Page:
SNFGE SNFGE
 
Thématique :
- Colo-proctologie
Originalité :
Intermédiaire
Solidité :
Intermédiaire
Doit faire évoluer notre pratique :
Pas encore
 
 
Nom du veilleur :
Docteur Pauline JOUET
Coup de coeur :
 
 
Gastroenterology
  2019/06  
 
  2019 Jun;156(8):2217-2229.  
  doi: 10.1053/j.gastro.2019.02.039.  
 
  Association Between Antibiotics in the First Year of Life and Celiac Disease.  
 
  Dydensborg Sander S, Nybo Andersen AM, Murray JA, Karlstad Ø, Husby S, Størdal K  
  https://www.ncbi.nlm.nih.gov/pubmed/30836095  
 
 

Abstract

BACKGROUND & AIMS:

The intestinal microbiota is believed to be involved in the pathogenesis of celiac disease, in addition to genetic variants and dietary gluten. The gut microbiota is strongly influenced by systemic antibiotics-especially in early life. We explored the association between exposure to a systemic antibiotic in the first year of life and risk of diagnosed celiac disease.

METHODS:

We performed an observational nationwide register-based cohort study. We included all children born in Denmark from 1995 through 2012 or Norway from 2004 through 2012. Children born in Denmark were followed until May 8, 2015 (age at end of follow-up was 2.3-20.3 years) and children born in Norway were followed until December 31, 2013 (age at end of follow-up was 1-10 years). We collected medical information from more than 1.7 million children, including 3346 with a diagnosis of celiac disease. Exposure to systemic antibiotics was defined as a dispensed systemic antibiotic in the first year of life.

RESULTS:

Exposure to systemic antibiotics in the first year of life was positively associated with diagnosed celiac disease in the Danish and Norwegian cohorts (pooled odds ratio 1.26, 95% confidence interval 1.16-1.36). We found a dose-dependent relation between an increasing number of dispensed antibiotics and the risk of celiac disease (pooled odds ratio for each additional dispensed antibiotic 1.08, 95% confidence interval 1.05-1.11). No specific type of antibiotic or age period within the first year of life was prominent. Adjustment for hospital admissions with an infectious disease in the first year of life did not change the estimates; adjustment for the number of maternally reported infections in the child in 2 large sub-cohorts decreased the association slightly (pooled odds ratio 1.18, 95% confidence interval 0.98-1.39).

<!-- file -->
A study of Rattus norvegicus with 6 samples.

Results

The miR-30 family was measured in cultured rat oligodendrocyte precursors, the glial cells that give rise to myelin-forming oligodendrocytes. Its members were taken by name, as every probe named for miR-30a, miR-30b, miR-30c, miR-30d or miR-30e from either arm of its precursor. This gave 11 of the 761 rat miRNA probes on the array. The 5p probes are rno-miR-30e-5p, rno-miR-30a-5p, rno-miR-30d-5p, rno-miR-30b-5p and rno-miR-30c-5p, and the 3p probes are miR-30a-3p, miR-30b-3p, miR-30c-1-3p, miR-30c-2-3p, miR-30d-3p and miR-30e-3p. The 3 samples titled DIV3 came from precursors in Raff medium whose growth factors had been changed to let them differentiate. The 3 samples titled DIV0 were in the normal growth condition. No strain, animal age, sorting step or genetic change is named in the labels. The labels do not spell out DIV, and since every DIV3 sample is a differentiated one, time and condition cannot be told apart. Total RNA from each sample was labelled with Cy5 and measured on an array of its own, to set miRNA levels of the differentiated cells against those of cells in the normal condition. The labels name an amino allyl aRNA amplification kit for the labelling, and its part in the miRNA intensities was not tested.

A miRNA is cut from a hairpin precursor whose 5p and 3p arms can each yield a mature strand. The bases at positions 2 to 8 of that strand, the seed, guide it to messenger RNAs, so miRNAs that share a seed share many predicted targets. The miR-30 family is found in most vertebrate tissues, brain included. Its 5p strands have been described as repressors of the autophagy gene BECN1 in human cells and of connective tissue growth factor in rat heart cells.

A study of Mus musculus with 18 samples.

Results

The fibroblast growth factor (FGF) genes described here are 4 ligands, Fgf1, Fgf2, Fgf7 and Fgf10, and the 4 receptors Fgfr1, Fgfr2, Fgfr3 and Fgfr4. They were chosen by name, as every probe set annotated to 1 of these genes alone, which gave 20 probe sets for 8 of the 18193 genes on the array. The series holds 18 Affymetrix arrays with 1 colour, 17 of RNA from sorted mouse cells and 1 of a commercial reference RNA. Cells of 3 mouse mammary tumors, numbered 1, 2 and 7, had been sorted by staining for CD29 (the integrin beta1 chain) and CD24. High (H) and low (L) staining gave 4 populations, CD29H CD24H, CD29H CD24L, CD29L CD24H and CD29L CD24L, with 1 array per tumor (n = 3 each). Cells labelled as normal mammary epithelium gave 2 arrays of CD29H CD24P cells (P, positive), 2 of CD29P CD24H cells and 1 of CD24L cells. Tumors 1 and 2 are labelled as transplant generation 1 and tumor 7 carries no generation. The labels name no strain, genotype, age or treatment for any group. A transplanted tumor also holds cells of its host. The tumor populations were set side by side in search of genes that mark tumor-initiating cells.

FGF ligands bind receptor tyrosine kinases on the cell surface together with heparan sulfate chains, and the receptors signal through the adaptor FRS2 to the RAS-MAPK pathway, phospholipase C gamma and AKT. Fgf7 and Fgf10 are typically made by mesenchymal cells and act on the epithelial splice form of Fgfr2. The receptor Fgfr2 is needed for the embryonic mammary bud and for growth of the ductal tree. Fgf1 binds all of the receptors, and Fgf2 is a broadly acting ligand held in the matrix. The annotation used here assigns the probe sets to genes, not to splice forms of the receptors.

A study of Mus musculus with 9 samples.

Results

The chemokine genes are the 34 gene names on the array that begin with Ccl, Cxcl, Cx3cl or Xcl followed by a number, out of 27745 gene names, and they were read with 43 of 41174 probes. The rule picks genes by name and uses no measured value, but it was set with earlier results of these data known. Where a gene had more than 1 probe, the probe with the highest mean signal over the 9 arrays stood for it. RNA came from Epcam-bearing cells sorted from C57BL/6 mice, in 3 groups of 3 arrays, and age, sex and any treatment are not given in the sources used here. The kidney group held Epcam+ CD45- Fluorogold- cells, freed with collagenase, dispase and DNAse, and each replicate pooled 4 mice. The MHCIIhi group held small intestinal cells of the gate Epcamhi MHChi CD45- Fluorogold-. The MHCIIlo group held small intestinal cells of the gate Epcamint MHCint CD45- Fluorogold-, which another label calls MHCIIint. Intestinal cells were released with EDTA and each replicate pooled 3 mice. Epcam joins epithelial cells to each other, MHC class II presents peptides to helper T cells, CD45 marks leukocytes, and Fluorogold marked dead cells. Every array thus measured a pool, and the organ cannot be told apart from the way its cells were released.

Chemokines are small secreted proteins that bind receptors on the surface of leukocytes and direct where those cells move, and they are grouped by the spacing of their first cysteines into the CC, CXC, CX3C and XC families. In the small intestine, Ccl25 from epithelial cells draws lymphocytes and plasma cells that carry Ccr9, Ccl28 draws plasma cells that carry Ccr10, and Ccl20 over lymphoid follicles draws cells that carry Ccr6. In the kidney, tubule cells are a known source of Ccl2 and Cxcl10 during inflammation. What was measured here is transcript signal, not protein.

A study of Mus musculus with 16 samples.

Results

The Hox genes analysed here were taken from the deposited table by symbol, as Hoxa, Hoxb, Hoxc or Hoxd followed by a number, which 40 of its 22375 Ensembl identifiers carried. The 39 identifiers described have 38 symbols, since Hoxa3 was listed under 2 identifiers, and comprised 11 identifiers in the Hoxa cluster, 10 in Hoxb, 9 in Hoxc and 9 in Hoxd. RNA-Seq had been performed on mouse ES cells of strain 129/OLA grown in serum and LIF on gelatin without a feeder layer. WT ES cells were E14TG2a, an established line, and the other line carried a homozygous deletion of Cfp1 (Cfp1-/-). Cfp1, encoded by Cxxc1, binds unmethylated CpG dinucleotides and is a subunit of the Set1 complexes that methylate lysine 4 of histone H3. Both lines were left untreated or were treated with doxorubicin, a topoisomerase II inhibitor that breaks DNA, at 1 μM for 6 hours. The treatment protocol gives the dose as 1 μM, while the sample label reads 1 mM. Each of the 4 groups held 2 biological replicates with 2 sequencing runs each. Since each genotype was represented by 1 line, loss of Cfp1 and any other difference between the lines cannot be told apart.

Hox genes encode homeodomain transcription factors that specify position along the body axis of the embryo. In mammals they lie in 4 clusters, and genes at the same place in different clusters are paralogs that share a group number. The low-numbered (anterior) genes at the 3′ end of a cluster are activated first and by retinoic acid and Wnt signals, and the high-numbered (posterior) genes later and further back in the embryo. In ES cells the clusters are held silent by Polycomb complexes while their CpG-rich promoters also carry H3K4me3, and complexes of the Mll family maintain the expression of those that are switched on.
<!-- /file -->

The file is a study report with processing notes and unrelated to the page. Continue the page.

CONCLUSION:

In a nationwide study of children in Denmark and Norway, we found exposure to systemic antibiotics in the first year of life to be associated with a later diagnosis of celiac disease. These findings indicate that childhood exposure to systemic antibiotics could be a risk factor for celiac disease.

 

 
Question posée
 
L’exposition à des antibiotiques la première année de vie augmente-t-elle le risque de développer une maladie cœliaque ?
 
Question posée
 
Dans cette étude des pays nordiques (Norvège, Danemark) portant sur plus de 1,7 millions d’enfants dont 3346 ayant une maladie cœliaque, il existait une relation dose dépendante entre le nombre d’antibiotiques prescrits pendant la première année de vie et le risque de développer une maladie cœliaque plus tard dans l’enfance ( OR 1,26, IC 95% 1,16–1,36).
 
Commentaires

La prise d’antibiotiques dans la petite enfance n’est probablement pas le facteur principal de maladie cœliaque mais pourrait être un facteur favorisant le développement de cette pathologie d’après les résultats de cette étude au nombre très impressionnant de patients inclus.